After the highs of an MBA, life beyond the experience has a lot to live up to. With many graduates seeking geography changes in their post-MBA careers, what are the best cities to live and work in?
In this series we ask a selection of recent Cambridge MBA graduates – now working in thriving global hubs – to make the case for their city:
By Abhinav Charan, Management Consultant, Schlumburger Business Consulting, MBA 2013/14
For an MBA looking to explore life in Asia, Kuala Lumpur is an impressive choice. With a vibrant economy, lively expat scene and great connectivity with top tourist destinations, KL (as its fondly called) has much to offer the globe-trotting MBA.
With the iconic Petronas Twin Towers as the epicenter of business activity, KL is a destination for numerous oil and gas jobs. Since diversification of the economy, KL has long been a hotbed for the consulting, financial and services sectors.
The city’s social fabric draws on its highly mixed cultural history. From the noisy local ‘mamak’ setting to the posh ‘Golden Triangle’, KL is festival of food, diverse people and languages. The city has good above and underground public transit, living is relatively cheap and the sun literally shines all year long.
Just to top it up, KL is an excellent base camp for visiting some of the most beautiful places on earth within hours (think Bali, Phuket, Vietnam and the likes). With a myriad of stunning islands and activities around, KL has much to offer people who love to work hard and party harder!
By Courtney Rueb, Customer Solutions, Medallia, MBA 2013/14
Whether you’re a hoodie-loving techie like me or a suit-wearing consultant like my flatmate and former MBA comrade, London has something for you. Even though the Cambridge MBA has ended for us, it lives on in London. As I write this, I sit in a room with fellow ‘Cantabs’ from Nigeria, New Zealand, and Germany. At work, too, I engage with a group of co-workers as diverse as the MBA cohort – our 70 employees in the London office hail from nearly 30 different countries.
London is not only a great place to work; it’s also a great place to live. This weekend I will crawl through the microbrewery mile of Bermondsey and then spend the evening at the Open Air Theatre in Regent’s Park. Next weekend I may book a last-minute jaunt to Bruges. Every morning as I take in a postcard-perfect view of Tower Bridge and I am reminded that in London, you can have it all… except maybe sunshine.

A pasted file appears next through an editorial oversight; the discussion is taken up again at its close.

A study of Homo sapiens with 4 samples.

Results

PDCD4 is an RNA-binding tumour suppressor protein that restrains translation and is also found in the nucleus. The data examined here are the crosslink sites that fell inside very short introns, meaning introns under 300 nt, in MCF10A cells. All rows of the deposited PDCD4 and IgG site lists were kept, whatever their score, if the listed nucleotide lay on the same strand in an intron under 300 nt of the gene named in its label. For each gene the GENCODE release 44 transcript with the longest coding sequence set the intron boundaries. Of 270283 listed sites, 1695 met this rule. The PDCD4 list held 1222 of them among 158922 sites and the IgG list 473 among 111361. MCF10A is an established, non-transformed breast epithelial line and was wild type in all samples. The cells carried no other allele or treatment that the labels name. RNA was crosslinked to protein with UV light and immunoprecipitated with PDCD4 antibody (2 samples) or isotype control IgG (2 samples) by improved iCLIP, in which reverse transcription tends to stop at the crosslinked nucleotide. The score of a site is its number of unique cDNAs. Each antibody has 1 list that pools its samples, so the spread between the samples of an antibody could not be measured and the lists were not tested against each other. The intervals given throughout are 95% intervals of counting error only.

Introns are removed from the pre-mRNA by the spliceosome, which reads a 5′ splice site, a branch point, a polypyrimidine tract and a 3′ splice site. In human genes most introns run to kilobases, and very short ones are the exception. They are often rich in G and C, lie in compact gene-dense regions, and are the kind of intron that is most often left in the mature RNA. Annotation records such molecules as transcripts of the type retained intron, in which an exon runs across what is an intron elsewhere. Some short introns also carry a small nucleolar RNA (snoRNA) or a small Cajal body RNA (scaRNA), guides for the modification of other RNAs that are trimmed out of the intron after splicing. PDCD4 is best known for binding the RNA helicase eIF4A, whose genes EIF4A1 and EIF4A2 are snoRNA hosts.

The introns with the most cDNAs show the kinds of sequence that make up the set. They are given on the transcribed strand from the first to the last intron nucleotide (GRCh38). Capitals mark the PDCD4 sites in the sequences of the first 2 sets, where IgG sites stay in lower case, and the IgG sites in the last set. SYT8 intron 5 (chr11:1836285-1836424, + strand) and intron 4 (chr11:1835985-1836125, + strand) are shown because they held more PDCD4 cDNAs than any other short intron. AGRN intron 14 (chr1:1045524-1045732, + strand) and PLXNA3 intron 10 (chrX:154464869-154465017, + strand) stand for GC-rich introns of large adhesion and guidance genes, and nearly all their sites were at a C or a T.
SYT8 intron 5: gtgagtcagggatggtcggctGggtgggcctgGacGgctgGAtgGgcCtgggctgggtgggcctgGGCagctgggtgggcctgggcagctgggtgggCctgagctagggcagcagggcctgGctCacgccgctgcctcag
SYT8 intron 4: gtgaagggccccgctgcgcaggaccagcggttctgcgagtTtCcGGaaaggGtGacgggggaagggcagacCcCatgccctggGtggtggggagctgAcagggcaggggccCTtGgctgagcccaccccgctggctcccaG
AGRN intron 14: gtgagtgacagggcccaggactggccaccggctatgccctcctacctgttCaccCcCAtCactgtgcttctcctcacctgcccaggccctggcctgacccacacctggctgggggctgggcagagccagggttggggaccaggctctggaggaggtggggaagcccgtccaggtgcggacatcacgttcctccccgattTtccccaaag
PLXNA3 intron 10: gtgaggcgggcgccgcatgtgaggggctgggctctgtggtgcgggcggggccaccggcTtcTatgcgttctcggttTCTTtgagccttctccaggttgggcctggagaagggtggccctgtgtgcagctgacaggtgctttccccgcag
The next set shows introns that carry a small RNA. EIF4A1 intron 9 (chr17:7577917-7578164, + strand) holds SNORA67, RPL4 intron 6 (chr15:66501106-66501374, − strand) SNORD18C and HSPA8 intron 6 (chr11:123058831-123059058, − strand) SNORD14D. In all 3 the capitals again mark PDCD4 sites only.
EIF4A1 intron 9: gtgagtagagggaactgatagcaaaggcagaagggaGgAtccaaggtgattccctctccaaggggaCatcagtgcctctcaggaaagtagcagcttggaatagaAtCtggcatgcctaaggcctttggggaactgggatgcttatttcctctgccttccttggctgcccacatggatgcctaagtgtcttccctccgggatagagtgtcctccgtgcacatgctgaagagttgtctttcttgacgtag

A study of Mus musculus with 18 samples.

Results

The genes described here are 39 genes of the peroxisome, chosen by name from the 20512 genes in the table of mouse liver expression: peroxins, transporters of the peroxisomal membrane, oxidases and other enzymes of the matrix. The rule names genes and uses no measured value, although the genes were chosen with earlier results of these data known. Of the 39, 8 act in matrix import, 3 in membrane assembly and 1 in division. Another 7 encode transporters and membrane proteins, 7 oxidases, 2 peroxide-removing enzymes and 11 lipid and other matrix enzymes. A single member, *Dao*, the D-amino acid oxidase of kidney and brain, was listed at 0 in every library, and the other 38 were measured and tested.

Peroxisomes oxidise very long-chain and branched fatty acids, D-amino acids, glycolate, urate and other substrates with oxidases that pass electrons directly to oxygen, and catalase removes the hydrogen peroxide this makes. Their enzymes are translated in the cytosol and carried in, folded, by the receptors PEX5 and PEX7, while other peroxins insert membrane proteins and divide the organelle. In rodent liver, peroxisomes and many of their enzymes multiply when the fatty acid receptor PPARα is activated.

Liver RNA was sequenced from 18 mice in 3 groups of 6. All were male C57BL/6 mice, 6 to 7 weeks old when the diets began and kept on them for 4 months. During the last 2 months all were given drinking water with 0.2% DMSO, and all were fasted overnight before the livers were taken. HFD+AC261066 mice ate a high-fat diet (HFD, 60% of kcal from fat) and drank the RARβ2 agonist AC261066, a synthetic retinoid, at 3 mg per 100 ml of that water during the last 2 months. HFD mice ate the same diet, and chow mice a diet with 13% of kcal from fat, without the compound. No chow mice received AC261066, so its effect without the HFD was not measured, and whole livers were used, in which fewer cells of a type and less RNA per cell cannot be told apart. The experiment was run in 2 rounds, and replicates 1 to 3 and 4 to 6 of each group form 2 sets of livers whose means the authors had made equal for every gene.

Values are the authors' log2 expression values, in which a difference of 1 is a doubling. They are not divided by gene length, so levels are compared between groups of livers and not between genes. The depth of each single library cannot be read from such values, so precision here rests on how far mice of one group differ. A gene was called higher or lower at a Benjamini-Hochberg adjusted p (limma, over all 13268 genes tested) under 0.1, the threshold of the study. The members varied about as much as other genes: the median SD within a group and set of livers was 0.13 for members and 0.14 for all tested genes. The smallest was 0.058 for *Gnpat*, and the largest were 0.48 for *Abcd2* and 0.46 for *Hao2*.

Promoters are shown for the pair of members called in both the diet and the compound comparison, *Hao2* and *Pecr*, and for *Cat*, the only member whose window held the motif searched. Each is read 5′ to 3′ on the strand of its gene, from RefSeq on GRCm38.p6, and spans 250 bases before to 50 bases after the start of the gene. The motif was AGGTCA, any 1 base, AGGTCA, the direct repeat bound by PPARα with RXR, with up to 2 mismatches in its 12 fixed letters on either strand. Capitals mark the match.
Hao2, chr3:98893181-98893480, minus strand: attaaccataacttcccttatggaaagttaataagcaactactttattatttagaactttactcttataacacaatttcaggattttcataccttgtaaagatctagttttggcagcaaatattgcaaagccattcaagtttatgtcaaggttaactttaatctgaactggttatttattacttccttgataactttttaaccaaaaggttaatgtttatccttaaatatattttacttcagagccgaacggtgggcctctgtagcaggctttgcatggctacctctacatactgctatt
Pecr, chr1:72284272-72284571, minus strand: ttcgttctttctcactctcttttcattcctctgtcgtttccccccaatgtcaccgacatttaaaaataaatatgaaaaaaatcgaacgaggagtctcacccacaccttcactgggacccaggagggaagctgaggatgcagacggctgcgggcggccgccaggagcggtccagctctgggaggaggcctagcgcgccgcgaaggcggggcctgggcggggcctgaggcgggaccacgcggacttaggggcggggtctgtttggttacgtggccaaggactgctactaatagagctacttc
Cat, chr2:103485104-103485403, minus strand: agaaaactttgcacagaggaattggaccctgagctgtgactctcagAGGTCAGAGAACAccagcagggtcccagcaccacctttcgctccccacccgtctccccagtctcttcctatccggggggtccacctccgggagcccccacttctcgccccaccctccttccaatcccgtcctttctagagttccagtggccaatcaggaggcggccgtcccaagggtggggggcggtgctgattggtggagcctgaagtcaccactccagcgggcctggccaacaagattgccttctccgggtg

By Priya Shah, Strategy and Business Development at Simpa Networks, MBA 2013/14
Bangalore is the Silicon Valley of India – there is a vibrant network of technology start-ups, venture capital funds and social enterprises that is consistently growing. What’s more it’s an international city – there are a number expat founders of start-ups who enjoy living here and develop long-lasting bonds within the community.
There is undoubtedly an exciting trend of entrepreneurship in India at present which is fueling more venture capital funding into start-ups – and Bangalore is the epicenter of this surge in capital raising. Happy hours and meet-ups are common in the city, and there are multiple avenues to meet and interact with entrepreneurs, commercial and social, and to integrate into this environment as a post-MBA professional.
By Haidar Ammar, Consultant at The Boston Consulting Group, MBA 2013/14
I finished the MBA with two main offers in hand, I had to chose between London and Dubai…I ended up preferring the desert heat to the clouded cold winters! For those of you who’ve never visited Dubai, you’ve probably heard of the long list of “-est” icons there; the tallest tower, the largest mall, the greatest dancing fountain (the list goes on). I’m sure you probably also heard of the extreme summer heat. All that is true but there is much more on offer; career wise, Dubai has positioned itself as the Middle East’s business hub and some would say a platform for African business. It has a dynamic working culture with an extremely diverse community which will make you feel that you have not left your MBA! Another fairly important aspect of Dubai is its tax free environment – an MBA is a significant investment so there’s nothing wrong with getting back some of these pounds you or your bank paid!
In terms of lifestyle, Dubai has all one needs and a bit more. On your weekend, you can go for a nice Lebanese dinner by the fountain or have a fancy dinner and drinks at some of the city’s restaurants and bars. For more active people, skydiving, desert camping, snorkeling and scuba diving in nearby Emirates are also available. All that is great but at one point you will need to get away (especially in the summer), which is made easy with great flight connections that can take you to explore many places; begin with Oman, Beirut and a couple of hours of flying will put you in India and Sri Lanka! The only thing I’m missing is simply walking in the city, Dubai was not really made for that but you could always cruise in your car with cheaper oil prices or call your Careem (local version of Uber) to take you anywhere in no time!